Our team consists of both translators and interpreters. Some members actually combine both skills.
In reality, interpretation and translation differ only in their expression: the first is oral, and the second, written. However, both disciplines strive to remain faithful to the original contents while avoiding becoming over-literal.
Simultaneous interpretation generally requires the use of one or more booths, depending on the number of languages. These booths may be permanent, or installed for the event.
A simpler option is to use wireless infrared equipment (known as Infoport), which is made up of a very sensitive microphone and headphones for the audience. This allows the interpreter to be in the room and interpret in a tone of voice that won’t annoy anyone.
The advantage of this system over others is its portability and low cost. Its limitation is the number of listeners it can handle.
If you’d like, we’d be happy to take charge of organising all of the technical aspects.
Ask us and we’ll help you to find the best solution for your needs!
Whichever system is being used, the principle is the same: for short events – up to an hour or so – one interpreter is enough to guarantee the translation. For longer events, two interpreters will be needed. They’ll take turns working in shifts of about 30–45 minutes.
Interpreting is stressful work; breaks are essential to ensure the well-being of the interpreter as well as of the quality of the service provided.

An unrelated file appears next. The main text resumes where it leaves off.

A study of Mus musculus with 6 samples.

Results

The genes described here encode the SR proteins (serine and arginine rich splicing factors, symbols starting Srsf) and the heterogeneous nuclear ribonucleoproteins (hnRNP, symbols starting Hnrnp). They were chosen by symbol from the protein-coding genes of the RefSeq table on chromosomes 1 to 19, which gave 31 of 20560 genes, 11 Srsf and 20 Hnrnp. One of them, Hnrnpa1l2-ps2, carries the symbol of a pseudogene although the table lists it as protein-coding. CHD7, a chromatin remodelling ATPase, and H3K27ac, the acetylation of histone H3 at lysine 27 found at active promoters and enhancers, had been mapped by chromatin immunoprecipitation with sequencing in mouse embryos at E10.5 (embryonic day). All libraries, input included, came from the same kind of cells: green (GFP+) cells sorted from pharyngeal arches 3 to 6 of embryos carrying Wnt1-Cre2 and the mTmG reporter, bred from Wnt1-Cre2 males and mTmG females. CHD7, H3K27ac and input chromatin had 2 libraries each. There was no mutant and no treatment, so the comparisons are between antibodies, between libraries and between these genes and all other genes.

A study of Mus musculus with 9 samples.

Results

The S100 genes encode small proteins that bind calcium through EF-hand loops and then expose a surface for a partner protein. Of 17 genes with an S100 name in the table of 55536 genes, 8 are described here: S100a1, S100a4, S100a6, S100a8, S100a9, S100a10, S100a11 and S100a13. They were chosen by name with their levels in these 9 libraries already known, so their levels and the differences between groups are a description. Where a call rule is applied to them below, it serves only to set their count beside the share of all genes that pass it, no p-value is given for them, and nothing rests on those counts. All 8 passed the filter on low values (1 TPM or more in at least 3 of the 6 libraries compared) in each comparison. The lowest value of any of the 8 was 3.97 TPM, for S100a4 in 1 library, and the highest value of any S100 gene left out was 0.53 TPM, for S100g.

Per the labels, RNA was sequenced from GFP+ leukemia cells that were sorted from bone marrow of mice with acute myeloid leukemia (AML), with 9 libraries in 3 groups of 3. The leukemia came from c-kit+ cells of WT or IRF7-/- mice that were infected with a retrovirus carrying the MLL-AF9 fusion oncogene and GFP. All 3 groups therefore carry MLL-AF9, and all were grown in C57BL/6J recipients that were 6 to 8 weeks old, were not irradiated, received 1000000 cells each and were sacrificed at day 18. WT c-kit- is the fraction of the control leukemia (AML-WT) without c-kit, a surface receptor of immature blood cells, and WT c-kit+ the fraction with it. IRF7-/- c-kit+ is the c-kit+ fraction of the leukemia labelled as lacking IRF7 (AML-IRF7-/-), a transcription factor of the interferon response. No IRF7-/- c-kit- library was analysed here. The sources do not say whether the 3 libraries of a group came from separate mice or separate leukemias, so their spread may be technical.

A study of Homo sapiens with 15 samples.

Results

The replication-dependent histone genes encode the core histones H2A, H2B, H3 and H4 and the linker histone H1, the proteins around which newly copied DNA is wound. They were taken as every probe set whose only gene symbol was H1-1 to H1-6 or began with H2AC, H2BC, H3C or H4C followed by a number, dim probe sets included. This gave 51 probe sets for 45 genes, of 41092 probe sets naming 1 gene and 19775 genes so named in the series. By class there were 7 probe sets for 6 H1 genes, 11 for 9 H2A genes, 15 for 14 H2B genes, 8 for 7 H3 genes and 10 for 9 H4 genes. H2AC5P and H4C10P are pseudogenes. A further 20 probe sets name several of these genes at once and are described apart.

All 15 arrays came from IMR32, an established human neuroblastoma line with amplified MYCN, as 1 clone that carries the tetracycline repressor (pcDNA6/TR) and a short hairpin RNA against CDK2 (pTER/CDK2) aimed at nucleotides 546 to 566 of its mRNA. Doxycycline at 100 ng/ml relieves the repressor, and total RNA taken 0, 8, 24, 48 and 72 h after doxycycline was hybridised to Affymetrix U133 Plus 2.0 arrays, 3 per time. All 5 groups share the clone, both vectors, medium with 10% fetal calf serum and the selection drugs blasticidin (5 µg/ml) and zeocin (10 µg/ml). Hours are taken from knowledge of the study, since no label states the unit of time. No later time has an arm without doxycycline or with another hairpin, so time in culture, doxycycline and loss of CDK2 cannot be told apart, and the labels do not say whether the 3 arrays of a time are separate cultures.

When there’s no booth and Infoport can’t be used, the option is consecutive interpretation – that is, what everyone thinks of when they think of ‘interpretation’.
The interpreter takes notes as the speaker talks in order to transmit the contents to the rest of the audience as faithfully and quickly as possible.
The disadvantage of this system is obvious: it almost doubles the time it takes to deliver the speech.
But don’t worry, you can trust us: we’re quite accomplished at consecutive interpretation, too!
Whispering (also known as ‘chuchotage’ – from ‘chuchoter’, the French word for ‘to whisper’) deserves a special mention.
The interpreter sits or stands next to the person who doesn’t understand the source language and quietly translates what is being said.
We often use this technique at official receptions where an interpreter is assigned to the guest who doesn’t speak the language of the meeting.
Lastly, we also offer sworn interpretation, which – just like sworn translation – is done by professionals accredited by Spain’s Ministry of Foreign Affairs.
This kind of interpreting is done in judicial proceedings, notarial acts, etc.